Gov. Jerry Brown has the future of California’s incarcerated youth in his hands. By the end of this month Brown will make his vote on SB 9, a bill that will allow juveniles who have been sentenced to life without parole, to be considered for a lesser sentence.
State Senator and child psychologist Leland Yee, who wrote the bill—along with Sens. Steinberg and Vargas and Assembly Members Fuentes and Lowenthal—said to the Los Angeles Times, “We cannot throw away our children. Our hearts go out to those families (of victims), but if it turns out there’s a way of salvaging another life, shouldn’t we also look at that?”
Yee is right; who we are when we are young is hardly a reflection of the people we become as adults. There is always opportunity for positive change and growth, especially when the mind is young.
Yee’s bill gives the youth of California a second chance, an opportunity to bounce back from mistakes made.
SB 9 follows a pattern of the nation’s increase of protection for young criminals. For instance, the Supreme Court abolished the death penalty for minors in 2005. In 2010, Florida law abolished life sentences for teens convicted of crimes such as armed robbery. In July, the Supreme Court struck down mandatory life sentences without parole for children tried as adults in 28 states.
California is one of the few states that sets a record of highest youth arrests for violent crimes and the state leads the nation with the worst record for racial disparity in juveniles sentenced to life without parole.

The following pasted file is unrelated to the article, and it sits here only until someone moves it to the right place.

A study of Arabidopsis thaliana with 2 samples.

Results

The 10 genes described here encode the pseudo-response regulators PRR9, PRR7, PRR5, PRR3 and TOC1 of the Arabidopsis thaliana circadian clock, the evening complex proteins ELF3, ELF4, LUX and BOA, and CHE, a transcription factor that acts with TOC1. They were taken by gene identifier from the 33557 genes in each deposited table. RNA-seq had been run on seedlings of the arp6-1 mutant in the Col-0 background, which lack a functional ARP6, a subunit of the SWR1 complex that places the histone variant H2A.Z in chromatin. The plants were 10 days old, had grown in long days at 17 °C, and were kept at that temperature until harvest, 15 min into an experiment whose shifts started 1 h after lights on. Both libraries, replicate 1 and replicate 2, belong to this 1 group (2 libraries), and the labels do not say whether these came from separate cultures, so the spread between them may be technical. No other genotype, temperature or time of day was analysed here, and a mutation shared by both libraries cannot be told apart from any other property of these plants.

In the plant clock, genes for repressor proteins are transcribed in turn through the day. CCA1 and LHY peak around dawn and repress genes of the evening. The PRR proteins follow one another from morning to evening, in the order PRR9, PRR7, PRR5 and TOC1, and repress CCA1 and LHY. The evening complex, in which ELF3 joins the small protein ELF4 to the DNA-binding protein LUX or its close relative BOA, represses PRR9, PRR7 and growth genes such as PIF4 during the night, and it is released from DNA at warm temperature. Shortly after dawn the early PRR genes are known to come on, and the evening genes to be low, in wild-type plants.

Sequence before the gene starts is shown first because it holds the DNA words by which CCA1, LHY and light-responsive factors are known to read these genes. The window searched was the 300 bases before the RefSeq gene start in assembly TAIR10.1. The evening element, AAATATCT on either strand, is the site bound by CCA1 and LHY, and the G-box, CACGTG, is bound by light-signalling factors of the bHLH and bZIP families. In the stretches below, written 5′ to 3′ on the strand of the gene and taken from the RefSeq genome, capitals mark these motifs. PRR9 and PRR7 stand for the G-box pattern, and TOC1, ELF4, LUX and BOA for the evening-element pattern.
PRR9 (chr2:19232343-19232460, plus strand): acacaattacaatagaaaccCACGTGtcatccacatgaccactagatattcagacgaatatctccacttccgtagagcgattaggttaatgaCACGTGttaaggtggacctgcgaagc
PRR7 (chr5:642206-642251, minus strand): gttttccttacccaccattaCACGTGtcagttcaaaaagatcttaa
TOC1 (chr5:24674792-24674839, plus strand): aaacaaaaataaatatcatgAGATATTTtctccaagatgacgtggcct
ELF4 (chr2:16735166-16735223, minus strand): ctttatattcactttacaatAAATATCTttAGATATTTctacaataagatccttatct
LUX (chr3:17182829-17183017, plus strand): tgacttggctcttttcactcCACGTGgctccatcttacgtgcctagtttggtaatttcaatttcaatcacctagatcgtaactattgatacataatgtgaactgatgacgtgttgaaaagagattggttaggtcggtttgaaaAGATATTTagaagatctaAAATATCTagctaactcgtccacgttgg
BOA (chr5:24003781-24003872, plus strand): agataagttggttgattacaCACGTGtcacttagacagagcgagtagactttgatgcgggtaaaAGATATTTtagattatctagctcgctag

Of California’s incarcerated juveniles, “African American youth are sentenced to life without parole at over 18 times the rate of white youth” and “Hispanic youth are sentenced to life without parole five times more than white youth,” according to FairSentencingForYouth.org.
The bill doesn’t imply that all juvenile inmates, who ask for a second chance, will get it either. In fact, the applicant must first meet certain criteria before the case would then be re-evaluated by the court. If approved, a lesser sentence would be applied. If denied, the offender would be re-sentenced and remain in prison, depending on the status of parole, which is also not guaranteed.
The LA Times reports that California currently has 309 juveniles serving life without parole, a mix of killers and accomplices. Of those 309, more than 40 percent of those incarcerated for life were sentenced as accomplices, reported Human Rights Watch in 2008.
This is a perfect example of why this bill should be passed.
If anyone deserves a second chance at life it should be those who make up the 40 percent. Being an accomplice to a crime should not cost a child, who has made childish decisions, the rest of their life. There should be an opportunity for redemption if children have matured enough to face their past mistakes.
Studies in adolescent brain development have proven that the brain undergoes a rapid amount of changes from age 13 to about 25. During this time, the brain is exceptionally vulnerable to outside influences—which is often why teenagers experiment with drugs and alcohol.
During this time, the prefrontal cortex, the part of the brain responsible for making complex judgments, is not fully mature, which may lead to emotional or motivational regions gaining more control of the adolescent brain. Young teens who commit crimes should not be held to the same standard as adults with fully developed brains.
And the public agrees. Nearly 81 percent of West Coast residents said in a recent survey that youth in prison are entitled to an opportunity to redeem themselves.